Most councils and companies understand the issues surrounding debt in their respective boroughs or trading radius. It informs the ways in which they deploy resources and decide when and how to collect debt. However, how many really understand the individual circumstances in each case?
With more data available than ever before, we can dig deeper into these trends on a micro level and get to the heart of the issue. Once armed with this knowledge, we can use more joined-up thinking to make it easier for more people to escape debt cycles and avoid falling into difficult financial situations in the first place.
Plenty of information about the type and scale of debt across the UK is available from secondary sources like the Office for National Statistics (ONS) and debt associations like The Money Charity. That said, what’s important is how we use this information to understand the people we’re dealing with – and their ability to cope.
Correlating the numbers with macro-economic trends like disposable income (in real terms) is part of the picture and can help us pinpoint what exactly makes a repayment plan affordable. We also need more granular data, such as individual employment status, when they get paid and how late their bills have been in recent months, to really make a difference.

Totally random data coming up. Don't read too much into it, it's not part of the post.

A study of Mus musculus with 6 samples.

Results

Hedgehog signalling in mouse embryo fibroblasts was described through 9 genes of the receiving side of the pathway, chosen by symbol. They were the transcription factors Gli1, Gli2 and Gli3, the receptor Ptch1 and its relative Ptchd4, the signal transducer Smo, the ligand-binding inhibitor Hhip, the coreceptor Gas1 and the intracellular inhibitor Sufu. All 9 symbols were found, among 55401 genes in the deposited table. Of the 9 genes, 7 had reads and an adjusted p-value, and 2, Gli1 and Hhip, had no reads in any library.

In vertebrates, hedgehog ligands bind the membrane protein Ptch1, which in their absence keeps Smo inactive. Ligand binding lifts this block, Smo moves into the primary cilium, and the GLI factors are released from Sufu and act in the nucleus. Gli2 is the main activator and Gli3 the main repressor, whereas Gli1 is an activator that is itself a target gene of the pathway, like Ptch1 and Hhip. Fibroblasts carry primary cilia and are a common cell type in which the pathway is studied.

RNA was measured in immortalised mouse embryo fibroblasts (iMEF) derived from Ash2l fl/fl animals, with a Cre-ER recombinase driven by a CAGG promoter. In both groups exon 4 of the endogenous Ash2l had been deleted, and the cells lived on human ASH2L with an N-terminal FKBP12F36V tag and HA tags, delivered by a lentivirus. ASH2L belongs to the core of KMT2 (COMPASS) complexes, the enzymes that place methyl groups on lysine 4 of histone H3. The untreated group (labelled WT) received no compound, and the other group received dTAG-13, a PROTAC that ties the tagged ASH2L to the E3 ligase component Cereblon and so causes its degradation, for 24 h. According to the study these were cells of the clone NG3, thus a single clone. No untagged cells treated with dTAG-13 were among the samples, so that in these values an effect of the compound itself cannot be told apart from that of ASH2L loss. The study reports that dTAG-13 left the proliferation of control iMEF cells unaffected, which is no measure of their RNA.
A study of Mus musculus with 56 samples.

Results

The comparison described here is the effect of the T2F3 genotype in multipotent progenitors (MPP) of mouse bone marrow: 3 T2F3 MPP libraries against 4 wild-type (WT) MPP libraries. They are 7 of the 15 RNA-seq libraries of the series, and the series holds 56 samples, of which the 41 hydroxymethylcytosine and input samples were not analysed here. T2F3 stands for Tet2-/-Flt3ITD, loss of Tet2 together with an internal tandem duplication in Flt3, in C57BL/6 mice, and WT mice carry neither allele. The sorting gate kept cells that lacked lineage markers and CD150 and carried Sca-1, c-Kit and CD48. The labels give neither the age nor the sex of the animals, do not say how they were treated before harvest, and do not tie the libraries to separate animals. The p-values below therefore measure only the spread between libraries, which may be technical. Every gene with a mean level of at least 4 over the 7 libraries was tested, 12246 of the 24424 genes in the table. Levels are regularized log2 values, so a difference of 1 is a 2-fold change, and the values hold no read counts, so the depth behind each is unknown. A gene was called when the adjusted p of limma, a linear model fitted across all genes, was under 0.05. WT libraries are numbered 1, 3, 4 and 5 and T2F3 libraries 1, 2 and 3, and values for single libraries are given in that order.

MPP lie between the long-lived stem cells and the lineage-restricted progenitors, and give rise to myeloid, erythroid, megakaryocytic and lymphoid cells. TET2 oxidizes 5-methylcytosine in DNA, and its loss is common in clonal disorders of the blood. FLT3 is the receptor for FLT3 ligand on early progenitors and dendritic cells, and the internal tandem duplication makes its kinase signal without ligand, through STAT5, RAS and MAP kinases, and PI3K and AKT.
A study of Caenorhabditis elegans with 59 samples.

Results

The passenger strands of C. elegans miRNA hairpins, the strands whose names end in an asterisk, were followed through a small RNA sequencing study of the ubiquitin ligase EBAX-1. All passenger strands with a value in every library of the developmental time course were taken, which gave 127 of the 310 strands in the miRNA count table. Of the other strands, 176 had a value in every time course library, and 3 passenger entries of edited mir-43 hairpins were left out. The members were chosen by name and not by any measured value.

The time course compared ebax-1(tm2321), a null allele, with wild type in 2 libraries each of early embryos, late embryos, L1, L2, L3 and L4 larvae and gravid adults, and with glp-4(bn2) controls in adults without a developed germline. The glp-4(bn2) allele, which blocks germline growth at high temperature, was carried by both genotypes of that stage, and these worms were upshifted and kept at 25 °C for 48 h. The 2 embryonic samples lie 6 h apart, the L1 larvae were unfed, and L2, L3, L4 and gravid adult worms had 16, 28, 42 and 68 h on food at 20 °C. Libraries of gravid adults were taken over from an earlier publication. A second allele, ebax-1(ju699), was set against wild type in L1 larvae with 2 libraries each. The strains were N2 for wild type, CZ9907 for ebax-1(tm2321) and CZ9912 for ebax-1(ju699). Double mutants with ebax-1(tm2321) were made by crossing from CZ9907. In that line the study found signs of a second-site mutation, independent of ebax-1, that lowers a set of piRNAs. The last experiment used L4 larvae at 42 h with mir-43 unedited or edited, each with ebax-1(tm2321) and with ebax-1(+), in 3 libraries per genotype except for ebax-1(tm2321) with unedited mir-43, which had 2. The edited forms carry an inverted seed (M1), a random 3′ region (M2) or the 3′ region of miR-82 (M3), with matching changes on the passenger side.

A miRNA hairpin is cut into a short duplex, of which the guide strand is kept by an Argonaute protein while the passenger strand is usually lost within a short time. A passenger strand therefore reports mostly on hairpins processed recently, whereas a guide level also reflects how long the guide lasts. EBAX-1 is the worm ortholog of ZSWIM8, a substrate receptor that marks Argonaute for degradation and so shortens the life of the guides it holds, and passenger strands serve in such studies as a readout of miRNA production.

Making systems work for debtors
While some figures may be available from credit agencies, it’s also important to source your own primary data. Whether through surveys or corresponding directly with your debtors, finding the answers to important questions can help start a productive dialogue and build systems that work for everyone.
This means, for example, researching potential customers’ abilities to pay for the goods or services rather than offering instant credit and encouraging debt. Afterwards, elements like new payment methods and ways of staying in touch can help remove the pain from settlement of any outstanding sums.
Understanding the circumstances surrounding debt also empowers us to act to prevent debt spirals. After all, it’s in everyone’s interests that debts are repaid.
With this in mind, Chambers of Commerce could encourage companies to play a bigger part in their local area. Incentives for businesses to join in and contribute would help revitalise struggling areas with extra trade.
Councils and businesses alike could also promote local community-building projects, encouraging unemployed people to join in without financial penalty. These kind of activities not only improve the economic environment, but also build the links we need to engage directly with debtors. This can help us kick-start a constructive and meaningful dialogue and gain a greater understanding of their circumstances. It also makes it much easier to know when enforcement action is truly necessary. That way, there is less concern or stigma surrounding the essential reclaiming of unpaid debt.